World in brief – 4 June 2015

Higher education news from around the globe

June 4, 2015
Czech president Milos Zeman speaking at press conference at Prague Castle, 2015
Source: Getty

Czech Republic

Protest over political ‘interference’

About half the Czech Republic’s university rectors boycotted a ceremony to initiate new professors after the country’s president vetoed three candidates. Miloš Zeman has refused to approve the appointments of Charles University senior lecturers Jirí Fajt (Faculty of Arts) and Ivan Ošt'ádal (department for surface and plasma science) and University of Economics senior lecturer Jan Eichler (Faculty of International Relations). It was alleged that Dr Ošt'ádal and Dr Eichler had links to the Communist regime before it was overthrown in 1989. Dr Fajt was alleged to have been involved in a political scandal.


Polar research collaboration

The Swedish minister for higher education and research, Helene Hellmark Knutsson, has signed an agreement with the US to collaborate on polar and climate research that could prove significant in combating global warming. Sweden’s icebreaker research ship Oden has already given the country a leading place in polar research. The minister said at a conference in Washington DC that the agreement would help the country “get more research for our money. If more countries use Oden, it can do polar expeditions at more frequent intervals, more measurements can be carried out and the researchers can form new partnerships.”


Qualification recognition

China is pushing for its national college entrance examinations, the gao kao, to be recognised by more foreign universities, thereby sparing Chinese students from having to take pre-degree preparatory courses. “We are currently working on having foreign countries recognise the grades of China’s gao kao,” Yu Jihai, deputy director of international education at the Ministry of Education, said during an internationalisation conference. “Some universities in the US, Australia and Italy have started to accept the gao kao scores of Chinese students looking to enrol in degree programmes,” the Global Times reported.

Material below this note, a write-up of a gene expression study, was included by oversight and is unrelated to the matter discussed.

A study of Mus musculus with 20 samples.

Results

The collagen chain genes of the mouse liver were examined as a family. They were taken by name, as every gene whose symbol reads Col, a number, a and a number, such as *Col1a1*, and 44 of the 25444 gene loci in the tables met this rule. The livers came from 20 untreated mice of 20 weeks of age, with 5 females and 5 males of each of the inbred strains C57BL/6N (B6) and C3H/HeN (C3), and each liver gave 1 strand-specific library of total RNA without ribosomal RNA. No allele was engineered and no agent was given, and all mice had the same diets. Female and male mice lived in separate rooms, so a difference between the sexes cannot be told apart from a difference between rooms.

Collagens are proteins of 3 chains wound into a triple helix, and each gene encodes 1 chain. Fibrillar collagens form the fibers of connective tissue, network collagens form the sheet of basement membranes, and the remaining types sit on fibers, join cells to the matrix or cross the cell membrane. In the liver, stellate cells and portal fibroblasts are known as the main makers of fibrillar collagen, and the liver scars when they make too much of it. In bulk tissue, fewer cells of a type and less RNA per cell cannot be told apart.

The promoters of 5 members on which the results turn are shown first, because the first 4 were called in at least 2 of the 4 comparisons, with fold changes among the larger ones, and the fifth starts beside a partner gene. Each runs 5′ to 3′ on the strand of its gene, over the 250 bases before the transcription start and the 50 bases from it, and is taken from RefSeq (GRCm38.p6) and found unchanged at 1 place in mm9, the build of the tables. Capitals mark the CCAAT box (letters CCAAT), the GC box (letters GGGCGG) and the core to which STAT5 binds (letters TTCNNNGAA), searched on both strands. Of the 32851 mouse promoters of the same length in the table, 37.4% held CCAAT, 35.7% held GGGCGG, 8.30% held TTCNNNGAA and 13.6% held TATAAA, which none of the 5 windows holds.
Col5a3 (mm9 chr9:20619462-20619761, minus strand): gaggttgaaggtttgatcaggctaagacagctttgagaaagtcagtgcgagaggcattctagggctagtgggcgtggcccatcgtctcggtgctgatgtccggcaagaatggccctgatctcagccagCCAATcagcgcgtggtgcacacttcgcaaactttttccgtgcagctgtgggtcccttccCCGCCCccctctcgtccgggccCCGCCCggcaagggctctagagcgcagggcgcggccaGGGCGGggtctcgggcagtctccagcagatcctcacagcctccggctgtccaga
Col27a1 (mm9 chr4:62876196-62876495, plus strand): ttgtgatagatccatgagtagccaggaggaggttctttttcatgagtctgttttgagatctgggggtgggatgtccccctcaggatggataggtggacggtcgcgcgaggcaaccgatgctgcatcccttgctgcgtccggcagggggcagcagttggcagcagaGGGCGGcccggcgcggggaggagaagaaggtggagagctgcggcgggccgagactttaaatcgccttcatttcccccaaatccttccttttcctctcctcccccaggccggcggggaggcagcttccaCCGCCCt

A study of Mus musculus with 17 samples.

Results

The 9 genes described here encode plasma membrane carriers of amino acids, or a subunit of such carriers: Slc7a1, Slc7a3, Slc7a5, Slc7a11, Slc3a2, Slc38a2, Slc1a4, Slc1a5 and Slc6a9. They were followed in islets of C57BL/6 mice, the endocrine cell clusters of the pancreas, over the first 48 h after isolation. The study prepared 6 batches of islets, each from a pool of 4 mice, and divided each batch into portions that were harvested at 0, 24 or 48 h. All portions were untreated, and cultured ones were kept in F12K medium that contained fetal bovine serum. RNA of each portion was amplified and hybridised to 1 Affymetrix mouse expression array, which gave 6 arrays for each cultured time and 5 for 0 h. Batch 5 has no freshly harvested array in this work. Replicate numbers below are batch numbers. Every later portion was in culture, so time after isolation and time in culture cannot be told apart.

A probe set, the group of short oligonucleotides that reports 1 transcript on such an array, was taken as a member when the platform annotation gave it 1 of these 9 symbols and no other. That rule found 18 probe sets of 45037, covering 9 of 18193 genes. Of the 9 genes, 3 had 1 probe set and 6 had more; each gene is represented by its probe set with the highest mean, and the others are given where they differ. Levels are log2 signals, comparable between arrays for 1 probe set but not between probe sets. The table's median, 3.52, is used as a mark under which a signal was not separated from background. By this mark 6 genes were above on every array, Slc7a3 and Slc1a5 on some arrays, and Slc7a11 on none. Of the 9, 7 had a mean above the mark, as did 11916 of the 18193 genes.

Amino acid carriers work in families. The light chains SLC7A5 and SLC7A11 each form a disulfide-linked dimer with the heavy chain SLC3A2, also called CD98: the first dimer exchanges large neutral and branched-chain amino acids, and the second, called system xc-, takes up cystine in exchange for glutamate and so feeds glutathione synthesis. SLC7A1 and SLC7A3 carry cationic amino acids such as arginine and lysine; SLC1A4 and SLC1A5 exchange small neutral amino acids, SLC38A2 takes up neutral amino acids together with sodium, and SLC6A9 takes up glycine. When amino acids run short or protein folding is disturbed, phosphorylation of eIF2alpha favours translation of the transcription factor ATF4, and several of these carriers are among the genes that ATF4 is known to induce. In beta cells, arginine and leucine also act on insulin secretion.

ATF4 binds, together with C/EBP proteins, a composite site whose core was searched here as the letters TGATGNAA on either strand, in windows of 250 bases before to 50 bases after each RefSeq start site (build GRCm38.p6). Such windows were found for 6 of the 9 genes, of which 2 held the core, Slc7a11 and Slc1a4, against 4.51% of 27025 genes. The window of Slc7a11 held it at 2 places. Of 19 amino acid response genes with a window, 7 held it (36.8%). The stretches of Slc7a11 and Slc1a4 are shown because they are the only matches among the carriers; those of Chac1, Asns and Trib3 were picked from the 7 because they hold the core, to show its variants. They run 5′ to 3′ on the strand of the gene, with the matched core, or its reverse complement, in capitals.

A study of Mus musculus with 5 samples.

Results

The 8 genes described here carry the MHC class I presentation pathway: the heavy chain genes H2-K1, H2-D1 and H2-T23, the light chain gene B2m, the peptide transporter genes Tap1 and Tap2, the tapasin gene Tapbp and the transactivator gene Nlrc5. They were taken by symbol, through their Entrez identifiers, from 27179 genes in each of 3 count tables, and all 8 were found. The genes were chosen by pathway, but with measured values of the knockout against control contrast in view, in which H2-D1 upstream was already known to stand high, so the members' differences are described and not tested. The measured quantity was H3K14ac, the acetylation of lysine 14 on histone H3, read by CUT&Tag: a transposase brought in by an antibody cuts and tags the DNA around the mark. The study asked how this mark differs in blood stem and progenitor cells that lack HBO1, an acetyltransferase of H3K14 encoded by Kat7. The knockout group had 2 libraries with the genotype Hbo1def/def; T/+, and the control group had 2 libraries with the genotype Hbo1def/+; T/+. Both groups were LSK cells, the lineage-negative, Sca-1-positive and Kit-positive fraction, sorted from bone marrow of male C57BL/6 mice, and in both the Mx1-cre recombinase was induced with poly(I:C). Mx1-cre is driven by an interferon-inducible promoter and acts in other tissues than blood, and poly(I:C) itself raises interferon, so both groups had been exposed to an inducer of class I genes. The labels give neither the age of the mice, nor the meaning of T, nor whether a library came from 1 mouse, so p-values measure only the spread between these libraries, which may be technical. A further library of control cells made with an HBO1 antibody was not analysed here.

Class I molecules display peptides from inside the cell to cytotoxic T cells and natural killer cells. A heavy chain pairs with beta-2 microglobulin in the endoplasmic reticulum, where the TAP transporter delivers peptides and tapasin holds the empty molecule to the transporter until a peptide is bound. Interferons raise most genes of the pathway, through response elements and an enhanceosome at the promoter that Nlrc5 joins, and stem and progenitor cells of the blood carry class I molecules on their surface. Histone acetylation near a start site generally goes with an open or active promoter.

United States

Welles’ memoir discovered

A US university has discovered an unpublished personal memoir by film star Orson Welles. The draft includes passages about his second wife, Rita Hayworth, and his friendship with Ernest Hemingway. It was found by staff at the University of Michigan library within eight boxes acquired from Oja Kodar, who was Mr Welles’ partner in his final years. “It doesn’t appear to be anywhere near a final draft, but that doesn’t mean that it won’t be important for scholars or researchers,” said Philip Hallman, curator of the university’s Screen Arts Mavericks and Makers collection.

South Africa

Radical change ‘still needed’

The drive to remove apartheid-era symbols from South Africa’s universities should not divert institutions from efforts to improve the educational experience of black students, the country’s minister for higher education and training has said. Blade Nzimande told the South African Parliament that, despite the significance of the removal of the Cecil Rhodes statue from the University of Cape Town, and similar actions on other campuses, “we must not conflate these with more fundamental matters of transformation”. There was still a need to “radically” change the demographics of the professoriate and to improve academic success rates, the minister said.


Teaching and learning budget cut

Funding for promoting teaching and learning in Australia is to be cut by more than a third as a result of the country’s recent budget. Christopher Pyne, the minister for education and training, announced last month that his department’s Office of Learning and Teaching will be replaced in July 2016 by a university-based institute with a budget of A$28 million (£14.1 million) over three years, compared with the office’s A$57 million over four years. The budget also included a A$263 million cut to support for the indirect costs of research.